Youngkin eliminates cabinet-level DEI post and bans 'critical race theory' from public schools

Glenn Youngkin Anna Moneymaker/Getty Images

Virginia Gov. Glenn Youngkin (R), who defeated former Gov. Terry McAuliffe (D) last November in a race that attracted national attention, used his first days in office to take aggressive action on the culture war issue that propelled him into office.

Some Twitter users observed Saturday that Youngkin had almost immediately removed the "Diversity, Equity, and Inclusion" section from the Virginia governor's website. One user described the change, which indicates a larger shift in the structure of the commonwealth's executive branch, as "[s]ickening."

After photos surfaced that may have shown him wearing racist garb while in medical school, former Gov. Ralph Northam (D) created the cabinet-level position of chief diversity officer in 2019. It appears that Youngkin has eliminated that cabinet post entirely.

Archived versions of the Virginia governor's website from the Northam administration include a page for then-Chief Diversity, Equity, and Inclusion Officer Janice Underwood. The current version of the site lists no such position.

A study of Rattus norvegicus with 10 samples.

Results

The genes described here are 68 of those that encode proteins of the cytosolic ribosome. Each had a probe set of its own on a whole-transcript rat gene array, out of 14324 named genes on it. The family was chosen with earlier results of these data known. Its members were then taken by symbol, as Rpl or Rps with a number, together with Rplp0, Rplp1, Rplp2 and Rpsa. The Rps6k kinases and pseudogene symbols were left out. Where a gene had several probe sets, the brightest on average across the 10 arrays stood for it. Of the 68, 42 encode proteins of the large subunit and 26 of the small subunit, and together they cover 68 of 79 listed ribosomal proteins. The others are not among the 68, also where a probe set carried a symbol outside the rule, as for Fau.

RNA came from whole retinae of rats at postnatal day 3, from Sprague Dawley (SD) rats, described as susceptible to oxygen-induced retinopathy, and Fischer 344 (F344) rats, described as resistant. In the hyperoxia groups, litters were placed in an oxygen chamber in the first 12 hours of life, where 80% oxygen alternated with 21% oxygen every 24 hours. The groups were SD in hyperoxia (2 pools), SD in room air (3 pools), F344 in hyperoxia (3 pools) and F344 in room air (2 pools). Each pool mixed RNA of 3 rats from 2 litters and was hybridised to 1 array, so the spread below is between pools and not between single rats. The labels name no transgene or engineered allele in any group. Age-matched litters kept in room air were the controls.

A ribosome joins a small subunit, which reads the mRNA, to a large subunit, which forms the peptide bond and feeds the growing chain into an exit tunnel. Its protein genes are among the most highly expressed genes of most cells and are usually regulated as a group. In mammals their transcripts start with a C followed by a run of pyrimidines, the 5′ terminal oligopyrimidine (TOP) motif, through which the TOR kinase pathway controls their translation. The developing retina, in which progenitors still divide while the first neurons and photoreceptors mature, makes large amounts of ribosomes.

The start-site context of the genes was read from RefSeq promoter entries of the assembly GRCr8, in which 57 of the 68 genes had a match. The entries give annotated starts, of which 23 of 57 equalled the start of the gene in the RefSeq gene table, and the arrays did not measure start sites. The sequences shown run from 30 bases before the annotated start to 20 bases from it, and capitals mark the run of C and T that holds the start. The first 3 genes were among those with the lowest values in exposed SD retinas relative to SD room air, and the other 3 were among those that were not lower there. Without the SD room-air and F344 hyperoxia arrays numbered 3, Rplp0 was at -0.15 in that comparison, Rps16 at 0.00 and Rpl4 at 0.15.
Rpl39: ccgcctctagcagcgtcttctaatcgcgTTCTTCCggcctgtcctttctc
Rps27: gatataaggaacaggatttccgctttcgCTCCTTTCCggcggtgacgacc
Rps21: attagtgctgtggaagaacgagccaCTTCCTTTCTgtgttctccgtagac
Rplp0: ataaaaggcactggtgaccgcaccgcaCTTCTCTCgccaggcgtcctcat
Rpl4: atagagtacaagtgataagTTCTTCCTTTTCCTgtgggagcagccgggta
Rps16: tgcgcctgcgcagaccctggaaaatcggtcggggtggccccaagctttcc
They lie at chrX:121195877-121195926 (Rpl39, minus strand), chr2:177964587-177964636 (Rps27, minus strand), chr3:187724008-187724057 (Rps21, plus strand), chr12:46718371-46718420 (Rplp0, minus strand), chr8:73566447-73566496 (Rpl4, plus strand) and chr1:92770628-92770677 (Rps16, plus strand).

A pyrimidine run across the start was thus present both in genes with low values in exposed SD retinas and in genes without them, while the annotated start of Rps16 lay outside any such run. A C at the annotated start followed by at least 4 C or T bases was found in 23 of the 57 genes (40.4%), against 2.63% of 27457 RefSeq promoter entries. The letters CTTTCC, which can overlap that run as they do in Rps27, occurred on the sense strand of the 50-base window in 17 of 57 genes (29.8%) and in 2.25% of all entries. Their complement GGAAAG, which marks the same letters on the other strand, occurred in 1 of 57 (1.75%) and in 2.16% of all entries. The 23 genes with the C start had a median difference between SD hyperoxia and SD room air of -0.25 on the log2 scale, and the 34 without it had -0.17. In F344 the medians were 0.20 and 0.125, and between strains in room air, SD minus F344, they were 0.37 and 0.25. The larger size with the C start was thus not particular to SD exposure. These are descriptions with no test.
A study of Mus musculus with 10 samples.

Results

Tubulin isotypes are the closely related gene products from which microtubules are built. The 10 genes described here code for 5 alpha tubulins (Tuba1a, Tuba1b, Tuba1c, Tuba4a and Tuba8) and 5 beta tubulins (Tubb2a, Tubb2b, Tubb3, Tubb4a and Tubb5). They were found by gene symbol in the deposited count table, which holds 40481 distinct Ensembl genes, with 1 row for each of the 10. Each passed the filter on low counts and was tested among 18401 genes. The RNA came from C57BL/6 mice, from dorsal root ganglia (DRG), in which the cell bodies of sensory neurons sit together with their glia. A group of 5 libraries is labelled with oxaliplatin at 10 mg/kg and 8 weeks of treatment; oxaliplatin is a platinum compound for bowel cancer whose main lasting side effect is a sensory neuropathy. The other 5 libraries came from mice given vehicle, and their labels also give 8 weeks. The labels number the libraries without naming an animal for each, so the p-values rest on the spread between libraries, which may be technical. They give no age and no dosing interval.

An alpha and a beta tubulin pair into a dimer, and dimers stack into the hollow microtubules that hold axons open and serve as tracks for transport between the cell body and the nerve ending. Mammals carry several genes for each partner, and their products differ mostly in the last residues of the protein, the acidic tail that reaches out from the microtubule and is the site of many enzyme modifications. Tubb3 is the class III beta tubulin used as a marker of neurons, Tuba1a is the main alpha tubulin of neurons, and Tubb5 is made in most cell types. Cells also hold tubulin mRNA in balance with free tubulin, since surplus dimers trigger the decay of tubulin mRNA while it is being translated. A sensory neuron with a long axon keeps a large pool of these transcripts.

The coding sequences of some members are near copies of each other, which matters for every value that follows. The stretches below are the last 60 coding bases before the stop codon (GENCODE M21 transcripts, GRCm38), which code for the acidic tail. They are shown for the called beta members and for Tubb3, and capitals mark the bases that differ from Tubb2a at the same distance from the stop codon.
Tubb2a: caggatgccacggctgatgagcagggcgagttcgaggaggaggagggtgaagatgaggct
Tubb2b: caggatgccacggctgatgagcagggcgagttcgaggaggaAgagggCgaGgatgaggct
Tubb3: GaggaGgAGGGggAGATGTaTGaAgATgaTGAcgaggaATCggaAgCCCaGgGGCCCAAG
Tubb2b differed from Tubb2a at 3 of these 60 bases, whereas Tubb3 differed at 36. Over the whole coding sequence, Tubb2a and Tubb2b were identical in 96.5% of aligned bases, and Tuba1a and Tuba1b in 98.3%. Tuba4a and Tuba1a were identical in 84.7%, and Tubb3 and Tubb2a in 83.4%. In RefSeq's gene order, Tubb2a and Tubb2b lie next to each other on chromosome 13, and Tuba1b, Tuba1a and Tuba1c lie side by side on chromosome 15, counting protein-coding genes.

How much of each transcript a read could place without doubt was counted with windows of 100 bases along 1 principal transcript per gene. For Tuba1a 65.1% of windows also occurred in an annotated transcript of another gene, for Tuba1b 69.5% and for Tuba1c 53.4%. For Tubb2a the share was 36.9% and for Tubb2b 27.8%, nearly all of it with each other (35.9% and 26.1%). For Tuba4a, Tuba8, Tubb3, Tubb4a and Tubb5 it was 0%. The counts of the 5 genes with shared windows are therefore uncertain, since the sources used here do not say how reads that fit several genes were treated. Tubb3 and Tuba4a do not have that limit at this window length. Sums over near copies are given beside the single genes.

Youngkin also issued executive orders affecting education policy, which voters ranked as their top issue in the November election according to NPR. One of Youngkin's first orders banned "the use of divisive concepts, including Critical Race Theory, in public education," while another empowered parents to decide whether their kids would have to wear masks in school.

During the campaign, McAuliffe suffered greatly in the polls for saying during a debate with Youngkin that parents shouldn't "be telling schools what they should teach." That gaffe, along with a wave of contentious school board meetings in Virginia's Loudoun County, further inflamed a fierce national debate over the use of critical race theory and teaching around sex and gender in American schools.

Youngkin was sworn in as Virginia's 74th governor around noon Saturday. "To parents, I say we respect you, and we will empower you in the education of your children," he said in his inaugural address.